I still have some problem with you insistance with >120 db output levels though .. Often you even speak of mortar shots! .. It is not safe to listen at these levels even if one system's is capable of such ...
The human ear has a range of different SPLs vs. frequency as pain threshold. We can tolerate a lot at 10Hz, ear-wise, whereas at 3KHz, we are prone to cringing. For some folks, fingernails dragged across a blackboard... you get the point.
Constant noise levels are fatiguing. Anything constant, whether loud or not so loud, can be unpleasant.
Let's consider music. The more dynamic it is, the better we tolerate brief transient periods of much greater loudness. Percussive music can enjoy a large dynamic aperture, as music goes, so often we tolerate some rather loud sounds because our ears are average-weighted--meaning that we don't perceive brief sounds as strongly as sustained sounds.
Music with deep, intense bass levels is another situation where more loudness is often tolerated. If the bulk of the energy is away from the ear's sensitive range in the upper midrange, people will tolerate more SPLs, until the point of bodily discomfort. A screaming lead guitar in a dense mix will be less tolerable than a heavy bass riff with little else filling up the 'white space' around it. This is the situation where levels above 120dB can still be enjoyable.
Another situation is reality hi-fi: event recordings, such as fireworks, a battlefield, a shuttle launch, etc. Here, SPLs can easily surpass 120dB on a regular basis. Yet we tolerate it, because we want to see the rare event. The noise is still part of the experience.
Part of realistic reproduction of sound is encompassing the upper range of SPLs without effort. Because even 1% distortion can change the sound of an explosion. Minor thermal compression, even minor clipping will change the impact of an explosion. Ever notice how a .38 S&W snubnose seems to crack your head open with it's ear-splitting report when fired? Most of the time when we hear a recording of a gunshot, the top 60 decibels are missing. It's obviously fake. But when you go to Broadway to see Miss Saigon and in the final act when Kim shoots herself, the report is startlingly loud in a theater, because it's a real gunshot, not one that was recorded, compressed and played through a sound system whose designers did not anticipate the need to repro a gunshot. A lot of movie audio seems to be designed to insulate us from the harsh reality of the real life scene, or maybe it's to accomodate the lower 99% of home theater systems and TV sets' audio capabilities.
Aside from the proper reproduction of any sound that doesn't kill you, the advent of modern music, like Reggae, Urban, Rock, Disco, Funk, etc., with the types of instruments that sound 'believable' at high levels of loudness, if one is diggin' the beat, body chemistry undergoes a change which results in increased endorphines and a euphoric state which not only increases the tolerance of loudness, but also increases the DESIRE for increased loudness.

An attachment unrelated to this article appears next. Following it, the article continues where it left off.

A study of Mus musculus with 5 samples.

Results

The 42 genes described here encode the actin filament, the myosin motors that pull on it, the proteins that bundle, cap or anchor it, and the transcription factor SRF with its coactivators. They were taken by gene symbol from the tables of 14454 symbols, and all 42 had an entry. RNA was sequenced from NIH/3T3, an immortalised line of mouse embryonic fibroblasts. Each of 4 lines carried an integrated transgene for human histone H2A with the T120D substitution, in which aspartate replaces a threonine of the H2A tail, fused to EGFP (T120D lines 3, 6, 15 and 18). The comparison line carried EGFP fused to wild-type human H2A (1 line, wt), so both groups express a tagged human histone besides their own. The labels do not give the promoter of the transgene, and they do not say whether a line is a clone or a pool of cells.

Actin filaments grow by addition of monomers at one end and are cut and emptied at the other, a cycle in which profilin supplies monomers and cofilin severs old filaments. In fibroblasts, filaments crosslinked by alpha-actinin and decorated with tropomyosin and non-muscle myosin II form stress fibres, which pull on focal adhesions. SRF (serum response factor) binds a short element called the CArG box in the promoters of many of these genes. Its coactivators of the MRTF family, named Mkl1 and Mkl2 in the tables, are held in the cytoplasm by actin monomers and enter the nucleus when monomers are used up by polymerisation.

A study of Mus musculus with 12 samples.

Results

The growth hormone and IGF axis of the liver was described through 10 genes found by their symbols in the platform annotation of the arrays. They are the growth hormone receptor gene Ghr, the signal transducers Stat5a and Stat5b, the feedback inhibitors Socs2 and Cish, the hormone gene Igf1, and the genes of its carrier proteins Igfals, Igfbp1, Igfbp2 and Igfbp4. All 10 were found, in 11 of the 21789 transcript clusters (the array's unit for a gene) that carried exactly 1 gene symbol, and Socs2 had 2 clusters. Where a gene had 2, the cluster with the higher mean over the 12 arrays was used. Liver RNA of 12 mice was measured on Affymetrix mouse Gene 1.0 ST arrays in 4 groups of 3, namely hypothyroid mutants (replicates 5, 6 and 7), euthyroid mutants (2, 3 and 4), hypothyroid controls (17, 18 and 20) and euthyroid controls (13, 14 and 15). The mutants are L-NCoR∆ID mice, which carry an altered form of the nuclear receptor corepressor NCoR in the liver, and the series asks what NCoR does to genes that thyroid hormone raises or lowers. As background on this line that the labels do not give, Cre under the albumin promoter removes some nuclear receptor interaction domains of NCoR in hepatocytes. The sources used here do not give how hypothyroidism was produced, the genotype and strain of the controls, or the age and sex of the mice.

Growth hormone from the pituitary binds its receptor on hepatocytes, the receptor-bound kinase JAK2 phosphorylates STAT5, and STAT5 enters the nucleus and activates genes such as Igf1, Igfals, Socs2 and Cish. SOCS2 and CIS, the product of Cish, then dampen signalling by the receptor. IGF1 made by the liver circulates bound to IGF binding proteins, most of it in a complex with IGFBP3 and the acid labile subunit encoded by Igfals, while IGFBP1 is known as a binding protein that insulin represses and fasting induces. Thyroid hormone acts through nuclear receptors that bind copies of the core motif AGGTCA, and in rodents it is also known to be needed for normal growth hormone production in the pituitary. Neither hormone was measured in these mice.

For me, on a personal note, I find certain pop music from Japan and Korea to be stimulating, and the desire to turn it way up, very strong. This has also happened with some American music over the years. Dick Dale and the Deltones, later followed by Three Dog Night, Tommy James (when he moved to psychodelic rock), The Doors, Creedance Clearwater Revival, Bob Marley and others, have produced music that sounds better as it gets louder.
Then, there is a whole 'nother aspect.. I call it "Tactile Experience". It doesn't start to play a role until you get well over 120dB. In fact, it is best experienced over 140dB, because that's where you start to get the gut moving. The air turns to a solid mass around you. Your breathing is now controlled by the beat of the music. Air friction is rapidly warming the air in the room. You start to sweat in seconds. A sense of borderline out of control panic sets in. Your pulse quickens, but you can't feel it because of the pulse of the music. You're experiencing an adreneline rush. At this point, your ears feel like someone is running a pipe cleaner through your eardrums, but you don't care, because pain is pleasure is ecstacy because you're diggin' the beat. You can't perceive the melody much anymore, but you make an interesting mental note that the pitch of the music decreases when you plug your ears with your fingers, and goes up again about a semitone when you unplug your ears. Then you raise the volume another 8 dB or so for the orgasmic climax, as the room around you starts to self destruct and objects start falling from the ceiling. Glass is breaking, but everything seems to happen in slow motion and you can't hear anything but the music, so it is not real, so your brain says. You roll back the volume before blood shoots out of your ears, and a moment later the song ends. Your legs and arms have become jelly. You feel totally exhausted. But you feel SATIATED.
Great hi-fi is better than sex. It is the only orgasm that you can extend into minutes, or, longer. For music to be a whole body experience, it must shake the body, violently, existentially telling the body who's boss--who's in control.
This.. is why you need SPL in excess of 120dB sometimes.